When the masters of scale met - Deep Kalra and Kunal Bahl in conversation

By Jubin Mehta|7th Sep 2013

Deep Kalra and Kunal Bahl at a Kalaari Capital event in Delhi
Deep Kalra and Kunal Bahl at a Kalaari Capital event in Delhi

Deep has taken MMT through an IPO and Kunal has been through an eventful journey to bring Snapdeal to the scale it has attained. Vani Kola, the MD of Kalaari Capital, started off the chat by posing a question about the trade-offs of scale. “What are you willing to give up for scale?” Deep, who has had an experience of more than a decade running MMT, addressed the entrepreneurs in the hall, and said, “Scale is surely a crucial part of the business and if you’re talking of tradeoffs, profitability will surely come into the picture. Very early on, there is no way you can go after scale and forget profitability.”

One of the keys to attain scale is the unit economics and Deep emphasises on keeping on improving week on week. “You need to measure continuously and keep growing. It’s okay if the growth is marginal for one or two weeks but if you’re seeing no significant growth for a period of 3 weeks or more, you should investigate deeper because chances of something going wrong are higher now,” says Deep. Kunal and Deep both also stressed on how it has becomes extra necessary for companies to remain on their toes as the economy heads for a difficult time.

Another aspect to be kept in mind while building a business is that all steps should be taken based on what is already there in the bank. “You should plan for the future keeping in mind only the funds you have, not something that is going to come,” said Deep (here are three everlasting tips for success from Deep Kalra). In the initial days, it is also more about survival and less about scale. Once you’re comfortable in terms of cashflow, that’s when you start caring about scale a lot more.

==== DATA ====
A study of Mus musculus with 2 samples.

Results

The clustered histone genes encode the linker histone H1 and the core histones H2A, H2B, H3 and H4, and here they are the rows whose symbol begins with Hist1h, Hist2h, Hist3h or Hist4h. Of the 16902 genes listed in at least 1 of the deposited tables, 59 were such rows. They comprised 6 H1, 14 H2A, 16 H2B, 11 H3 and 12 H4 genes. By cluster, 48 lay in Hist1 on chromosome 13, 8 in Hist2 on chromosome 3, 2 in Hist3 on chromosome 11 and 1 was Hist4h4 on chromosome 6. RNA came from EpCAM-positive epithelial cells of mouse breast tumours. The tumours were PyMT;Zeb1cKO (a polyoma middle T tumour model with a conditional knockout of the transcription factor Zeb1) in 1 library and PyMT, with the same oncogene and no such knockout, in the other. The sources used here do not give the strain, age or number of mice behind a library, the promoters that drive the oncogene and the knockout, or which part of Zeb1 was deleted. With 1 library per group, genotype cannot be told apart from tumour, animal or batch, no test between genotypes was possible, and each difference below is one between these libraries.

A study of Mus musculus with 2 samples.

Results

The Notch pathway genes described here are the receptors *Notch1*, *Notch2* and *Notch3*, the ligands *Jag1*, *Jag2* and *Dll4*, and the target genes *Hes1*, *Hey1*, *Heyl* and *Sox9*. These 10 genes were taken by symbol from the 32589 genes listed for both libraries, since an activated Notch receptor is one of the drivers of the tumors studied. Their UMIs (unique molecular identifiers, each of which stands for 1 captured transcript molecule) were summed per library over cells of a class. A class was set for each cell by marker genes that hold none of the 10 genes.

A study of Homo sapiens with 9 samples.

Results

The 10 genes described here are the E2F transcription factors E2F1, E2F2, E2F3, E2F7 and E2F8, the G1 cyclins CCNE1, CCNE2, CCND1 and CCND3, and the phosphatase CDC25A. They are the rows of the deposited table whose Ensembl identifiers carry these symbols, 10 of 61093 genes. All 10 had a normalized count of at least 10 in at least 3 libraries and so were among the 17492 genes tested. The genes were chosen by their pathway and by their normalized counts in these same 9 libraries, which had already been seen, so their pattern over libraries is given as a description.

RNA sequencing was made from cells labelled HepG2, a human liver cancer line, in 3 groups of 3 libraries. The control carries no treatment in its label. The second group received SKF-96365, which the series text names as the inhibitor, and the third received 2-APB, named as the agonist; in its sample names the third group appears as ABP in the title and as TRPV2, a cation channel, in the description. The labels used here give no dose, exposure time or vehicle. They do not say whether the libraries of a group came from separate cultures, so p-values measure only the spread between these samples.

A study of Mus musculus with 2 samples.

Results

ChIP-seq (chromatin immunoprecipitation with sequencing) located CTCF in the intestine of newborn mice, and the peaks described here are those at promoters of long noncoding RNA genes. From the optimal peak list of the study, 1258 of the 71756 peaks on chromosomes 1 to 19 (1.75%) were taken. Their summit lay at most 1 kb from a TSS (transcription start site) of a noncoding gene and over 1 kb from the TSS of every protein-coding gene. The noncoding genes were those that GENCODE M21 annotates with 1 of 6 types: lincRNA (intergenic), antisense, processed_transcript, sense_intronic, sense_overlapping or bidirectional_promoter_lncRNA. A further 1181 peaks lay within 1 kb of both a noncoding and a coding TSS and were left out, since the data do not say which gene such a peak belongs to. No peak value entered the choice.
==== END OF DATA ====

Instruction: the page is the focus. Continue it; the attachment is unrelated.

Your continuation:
Kunal shed some light on how they were able to pivot so many times and so quickly (7 lessons from Kunal). “While pivoting, it is very important to project the move as a part of evolution and not drastic change. People take in evolution more naturally and positively. It is a very simple thing to say but makes a lot of difference if it is actually placed that way. The founders and core team have to shield themselves and not allow the vibes of self-doubt emanate because if you really believe in something and stand by it, things fall in place,” said Kunal.

Apart from the duo, there was another session “Bringing Consumers: Bricks vs Clicks,” with Mukesh Bansal, founder, Myntra, and Rajiv Mehra, MD, Puma India, talking about both the online and offline versions of the India retail story. And, nicely placed between these two sessions, were the Good Idea sessions, where three interesting entrepreneurs presented their companies- Magzter, Zivame and The Closet Label.

Stay tuned for more insights and videos from the event.